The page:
The New York Times and the NFL are currently engaged in a very public pissing match and it is just a joy to behold. It is almost as fun as watching an actual football game.
To catch you up: a week ago, the Times reported on the NFL's flawed research on concussions, noting that it was even more flawed than anyone had previously believed. The story also noted similarities between the NFL and the tobacco industry, including personal relationships within both industries, as well as shared consultants and attorneys.
The NFL got mad, red, and nude online and its attorney Brad Karp demanded a full retraction—and floated the possibility of a lawsuit—mostly because the NFL didn't like being compared to the tobacco industry. The NFL had other complaints, but the tobacco stuff was far and away the most discussed topic in their six-page letter to the Times, because the actual facts presented in the original report were actually factual.
The Times made these observations in a return letter to Karp and the NFL, which you can read at the bottom of this post. The letter points out that not a single factual error was highlighted by the NFL and then proceeds to lay waste to the idea that the connections between the NFL and the tobacco industry were in anyway new, or unique to the Times reporting.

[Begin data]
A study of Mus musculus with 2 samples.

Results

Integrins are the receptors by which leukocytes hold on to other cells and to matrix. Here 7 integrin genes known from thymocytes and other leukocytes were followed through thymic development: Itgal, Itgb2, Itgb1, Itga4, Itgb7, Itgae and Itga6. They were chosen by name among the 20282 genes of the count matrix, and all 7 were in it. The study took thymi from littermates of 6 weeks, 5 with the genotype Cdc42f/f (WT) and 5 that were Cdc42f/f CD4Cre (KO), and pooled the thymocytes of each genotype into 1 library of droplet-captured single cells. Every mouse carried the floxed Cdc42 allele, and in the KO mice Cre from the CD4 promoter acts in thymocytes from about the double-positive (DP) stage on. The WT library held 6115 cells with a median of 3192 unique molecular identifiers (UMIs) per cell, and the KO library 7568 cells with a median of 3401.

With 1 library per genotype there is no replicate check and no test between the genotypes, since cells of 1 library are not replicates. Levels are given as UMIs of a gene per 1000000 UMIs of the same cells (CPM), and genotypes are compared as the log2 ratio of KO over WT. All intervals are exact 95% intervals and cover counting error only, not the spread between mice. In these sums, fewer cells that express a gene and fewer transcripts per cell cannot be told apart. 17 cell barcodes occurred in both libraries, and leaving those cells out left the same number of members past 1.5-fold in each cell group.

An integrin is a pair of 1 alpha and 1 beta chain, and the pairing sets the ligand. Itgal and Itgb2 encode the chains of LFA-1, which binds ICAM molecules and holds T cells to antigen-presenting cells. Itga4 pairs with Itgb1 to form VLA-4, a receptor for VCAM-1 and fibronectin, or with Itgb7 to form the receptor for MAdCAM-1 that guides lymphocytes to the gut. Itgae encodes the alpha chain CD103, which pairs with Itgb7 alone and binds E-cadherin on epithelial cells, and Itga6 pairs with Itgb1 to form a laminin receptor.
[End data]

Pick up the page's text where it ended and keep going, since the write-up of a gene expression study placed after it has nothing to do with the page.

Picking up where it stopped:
The NFL also criticized of one of the Times reporters, Walt Bogdanich, in the retraction letter, and accused him of being involved in similarly false reporting on the tobacco industry while he was at ABC News in the 1990s—at the time, Philip Morris filed a libel lawsuit against ABC, which chose to settle and publicly apologize for the misleading report. The Times pointed out, however, that Bogdanich had refused to sign the apology, that ABC settled the case in order to expedite its merger with Disney, and that a Justice Department RICO investigation later found Bogdanich's reporting to be true. And then they went for the jugular.
A paragraph in the original report references a letter from an NFL lawyer who referred to Big Tobacco as "perhaps the most odious" in American History. Well, guess who that lawyer was? According to the Times response, it was Brad Karp, author of the retraction letter as well.
"While your earlier letter to The Times called the tobacco industry 'perhaps the most odious industry in American history," you somehow fail to mention in either letter that it was your firm that represented Philip Morris in that RICO case."
People wait their whole lives to close a letter out like that and most will never get a chance to do it. But because the NFL and the Times are just trading punches on the playground at this point, we got to witness an incredible "oh, you want to go there?" haymaker land right on the NFL's chin. I can't wait to see what happens next.